Centres closing to public for Games

While Vancouverites are taking a mandatory hiatus from many of theirrecreation centres during the Olympics, they may take pride in theknowledge that those facilities are being used by the world’s bestathletes.

While Vancouverites are taking a mandatory hiatus from many of their recreation centres during the Olympics, they may take pride in the knowledge that those facilities are being used by the world’s best athletes.

Access to nearly two-dozen community centres and parks will be limited or closed leading up to and during the Games, in some cases because of their proximity to venues.

Britannia, Killarney and Trout Lake ice rinks are already closed to let Olympic athletes practice.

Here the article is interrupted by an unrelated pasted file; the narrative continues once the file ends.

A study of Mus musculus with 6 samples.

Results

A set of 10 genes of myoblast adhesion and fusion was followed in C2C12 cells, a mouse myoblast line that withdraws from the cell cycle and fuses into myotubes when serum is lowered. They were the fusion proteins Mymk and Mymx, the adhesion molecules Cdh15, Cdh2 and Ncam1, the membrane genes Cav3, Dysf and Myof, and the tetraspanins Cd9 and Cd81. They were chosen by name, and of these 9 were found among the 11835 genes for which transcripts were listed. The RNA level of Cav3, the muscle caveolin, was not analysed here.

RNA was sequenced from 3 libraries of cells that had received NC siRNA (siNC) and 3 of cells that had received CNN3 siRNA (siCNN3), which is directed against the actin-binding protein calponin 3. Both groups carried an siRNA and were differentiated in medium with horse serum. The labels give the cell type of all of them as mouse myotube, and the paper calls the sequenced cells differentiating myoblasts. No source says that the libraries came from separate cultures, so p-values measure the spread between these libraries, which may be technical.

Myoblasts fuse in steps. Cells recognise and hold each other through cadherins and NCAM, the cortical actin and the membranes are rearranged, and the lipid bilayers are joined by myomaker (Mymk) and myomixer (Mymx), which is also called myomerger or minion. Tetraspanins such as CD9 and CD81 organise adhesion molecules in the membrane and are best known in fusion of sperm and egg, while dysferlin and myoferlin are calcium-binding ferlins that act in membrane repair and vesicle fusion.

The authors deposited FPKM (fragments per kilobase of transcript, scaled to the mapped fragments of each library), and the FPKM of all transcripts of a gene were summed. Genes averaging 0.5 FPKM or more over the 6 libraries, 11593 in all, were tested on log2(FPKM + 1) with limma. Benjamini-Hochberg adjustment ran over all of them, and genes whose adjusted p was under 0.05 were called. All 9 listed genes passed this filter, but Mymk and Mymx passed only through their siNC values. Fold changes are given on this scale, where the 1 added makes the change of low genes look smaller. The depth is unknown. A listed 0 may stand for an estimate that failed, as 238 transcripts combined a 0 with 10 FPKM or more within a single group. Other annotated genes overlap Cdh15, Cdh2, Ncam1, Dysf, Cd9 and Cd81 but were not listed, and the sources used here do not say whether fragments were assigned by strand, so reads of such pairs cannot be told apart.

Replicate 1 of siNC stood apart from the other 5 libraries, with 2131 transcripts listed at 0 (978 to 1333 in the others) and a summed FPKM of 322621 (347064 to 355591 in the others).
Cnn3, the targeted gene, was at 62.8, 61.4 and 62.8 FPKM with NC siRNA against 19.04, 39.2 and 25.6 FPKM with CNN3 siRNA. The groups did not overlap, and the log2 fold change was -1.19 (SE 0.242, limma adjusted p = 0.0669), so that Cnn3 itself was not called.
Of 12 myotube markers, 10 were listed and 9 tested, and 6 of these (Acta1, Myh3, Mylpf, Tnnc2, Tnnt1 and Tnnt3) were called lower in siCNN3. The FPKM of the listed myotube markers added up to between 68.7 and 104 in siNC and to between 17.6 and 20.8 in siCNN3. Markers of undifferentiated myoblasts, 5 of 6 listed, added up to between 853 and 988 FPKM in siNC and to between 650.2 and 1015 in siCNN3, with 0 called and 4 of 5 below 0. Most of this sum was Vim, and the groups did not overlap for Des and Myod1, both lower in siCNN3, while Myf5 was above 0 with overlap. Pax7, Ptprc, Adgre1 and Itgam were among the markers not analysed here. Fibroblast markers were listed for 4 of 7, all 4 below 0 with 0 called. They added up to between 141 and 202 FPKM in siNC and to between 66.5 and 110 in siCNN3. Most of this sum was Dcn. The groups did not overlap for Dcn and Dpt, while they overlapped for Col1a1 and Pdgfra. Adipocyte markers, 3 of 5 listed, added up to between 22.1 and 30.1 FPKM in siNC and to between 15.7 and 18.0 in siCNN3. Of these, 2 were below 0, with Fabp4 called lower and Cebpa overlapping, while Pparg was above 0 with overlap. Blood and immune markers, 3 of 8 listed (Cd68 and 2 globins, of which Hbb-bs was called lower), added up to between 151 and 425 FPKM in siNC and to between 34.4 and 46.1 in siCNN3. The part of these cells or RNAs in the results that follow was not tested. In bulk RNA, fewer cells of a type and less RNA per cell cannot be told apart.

Aaron Jasper, chair of the Park Board, said residents should see the temporary changes as an opportunity, not an inconvenience. “We have a lot to be proud of as a city ... and not often do we get to revel in that and share who we are,” Jasper said.

“So parking is a bit of a challenge and for a few weeks access to the rink is not there. But (you get to) mingle with people from around the world and take advantage of all the public events and free venues.”

Communities around the province are providing Olympic and Paralympic teams with training venues for the 2010 Games.

Japan’s speedskating team arrived in Abbotsford yesterday to start its training camp, and the public is invited to watch the team skate until Feb. 3.

The Russian skating team will be offering a training clinic for Abbotsford’s skating club and Kelowna’s midget girls’ hockey team gets to play against the Swedish Olympic women’s team.

Mary McNeil, minister of state for the Olympics, said this is a great chance for British Columbians to get “up close and personal with the best athletes in the world.”